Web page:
Everybody who knows me knows that I am 1) extremely good looking and 2) very practical. These two things inform most of my life decisions, and they're why the concept of dermaplaning has always been of great interest to me. The premise is simple: A licensed and trained professional gently sketches a fine scalpel blade over your face to give you the smoothest skin of your life. And my whole-hearted review is that the procedure is amazing and I love it and if you find yourself within spitting distance of a medical spa, you should absolutely try it for yourself.
I should preface this by saying I've tried every exfoliant under the Tuscan sun, but nothing seems to do the job. I just wanted something that worked and dermaplaning seemed to promise that, given it's mechanical, and doesn't rely on invisible acids or barely perceptible granules. It’s skincare for pragmatists really, founded on caveman logic. Don't want that dead layer of skin? Take it away with the sharpest, safest thing around. With a credentialed medical aesthetician at your side. No credentials? That's a dealbreaker, ladies.
Here’s what happens when you want to get dermaplaned. First, you drag your sorry ass through the rain to Dr. Melissa Doft’s office on Park Avenue. Her space is a hearth—literally, the reception desk is designed to look like a fireplace—which is a comforting setting when you're waiting to have somebody drag a knife across your skin. Then you wait a little bit and talk with the receptionist about foundation brushes. Wayne Goss, she tells me, makes the best. The more you know!
Then you meet Yurga Kors, Dr. Doft’s resident medical aesthetician and also my resident favorite person I’ve ever met. She took me back into her exam room, lay me down on a rotating recliner, and went to work sloughing the dead skin off of my face and generally delighting me with epic tales from her life. In addition to being a world-renown aesthetician, Yurga also deep sea dives. As a hobby. My hobbies include watching Real Housewives of New York and eating tacos, while Yurga is scuba diving with hammerhead sharks on the semi-reg. This is the woman you want handling your face.
“The blade is something we’d use in a surgical procedure,” Dr. Doft told me, before adding: “I’m not sure if that’s comforting. But basically, what we’re doing is using a blade to skim over the surface of the skin to remove any extra skin or unwanted hair in a definitive way.” The procedure—I’m calling it that to be dramatic—was not unpleasant, but not a relaxing spa experience either. When Yurga planes my face, it feels like somebody is coloring me in with a pencil, and I’ve endured more discomfort watching Countess LuAnn introduce her scumbag fiancé to the girls in Palm Beach. Yurga followed it up with a soothing facial as Céline Dion crooned in the background, and afterwards, my face was as soft as the lyrics to Because You Loved Me.
There was no downtime after my visit, and that was nice. ("You can walk out and go right to a luncheon," said Dr. Doft, which I thought was delightfully Park Avenue.) For the next two weeks, I had the best skin texture I'd ever had—but then came time to exfoliate again. I don't know if you knew this, but I do not have the resources to get a facial every two weeks. Who am I, Paris Hilton? My solution was something that Dr. Doft does not endorse, and please don't tell her I do this, because she'd probably kill me: I started dermaplaning at home.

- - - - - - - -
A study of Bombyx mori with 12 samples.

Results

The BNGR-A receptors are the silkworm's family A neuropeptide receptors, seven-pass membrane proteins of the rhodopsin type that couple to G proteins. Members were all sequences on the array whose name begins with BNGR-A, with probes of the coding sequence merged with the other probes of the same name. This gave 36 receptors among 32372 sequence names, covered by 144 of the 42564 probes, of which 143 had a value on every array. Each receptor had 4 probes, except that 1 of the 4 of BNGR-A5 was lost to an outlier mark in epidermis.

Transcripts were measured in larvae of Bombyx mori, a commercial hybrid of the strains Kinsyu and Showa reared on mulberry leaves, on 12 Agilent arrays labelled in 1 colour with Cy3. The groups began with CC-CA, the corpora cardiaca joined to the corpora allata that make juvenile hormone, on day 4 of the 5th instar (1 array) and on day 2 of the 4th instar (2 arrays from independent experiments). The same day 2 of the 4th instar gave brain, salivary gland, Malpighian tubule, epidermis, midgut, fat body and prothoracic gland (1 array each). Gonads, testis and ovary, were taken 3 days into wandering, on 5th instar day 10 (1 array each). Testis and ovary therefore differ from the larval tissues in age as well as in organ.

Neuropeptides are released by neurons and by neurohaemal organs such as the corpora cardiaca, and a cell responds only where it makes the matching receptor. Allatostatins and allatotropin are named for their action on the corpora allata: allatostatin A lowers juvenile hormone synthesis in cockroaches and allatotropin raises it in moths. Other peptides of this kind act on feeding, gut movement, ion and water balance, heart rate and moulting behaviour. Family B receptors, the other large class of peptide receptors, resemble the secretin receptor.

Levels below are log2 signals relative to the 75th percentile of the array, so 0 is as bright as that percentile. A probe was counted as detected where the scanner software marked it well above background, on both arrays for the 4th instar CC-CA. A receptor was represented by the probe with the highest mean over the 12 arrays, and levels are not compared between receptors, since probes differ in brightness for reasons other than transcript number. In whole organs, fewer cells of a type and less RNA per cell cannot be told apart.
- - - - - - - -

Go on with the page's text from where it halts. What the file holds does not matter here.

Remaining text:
This is a perfect time to acknowledge how comical the idea of dermaplaning is—the kind of beauty industry mania that's right there next to placenta facials on the menus of the world's most expensive aestheticians. But if you've ever had trouble exfoliating, or if what you're doing isn't cutting it, then try it. Please, go to a medspa once or twice and have it done and see how you feel. And then when you're a pro, and not a minute sooner, do this:
1) Invest in a dermaplaning device. Mine is the Dermaflash, which comes with a suite of products—Prep, Edge (!), Soothe—so you can be your own Yurga. Adopt her technique when dermaplaning yourself, using feathered strokes that brush the surface of the forehead, cheeks, and chin. Get the look for less with Shiseido Facial Razors, but only if you know how to wield them. They are literally 1% of the price of the Dermaflash but are much harder to use.
2) Treat your skin after. I mean, obviously! Dr. Doft mentions that your face is particularly suited to take in product post-plane, on account of you cleaning it all up, so this is a great time for a hydrating serum followed by a heavy cream. I use my old standbys: Glossier Super Bounce and Sisley's Express Flower Gel Mask.
3) There is no step three, because it's really easy, but I think three steps always looks good in a list. Take a nap? Go in on some RHONY? Don't let me tell you what to do. Unless we're talking about dermaplaning, which, again, you need to try. Have I not convinced you already?
Photographed by the author.
Or stick to storebought. Try these mask routines before your next night out.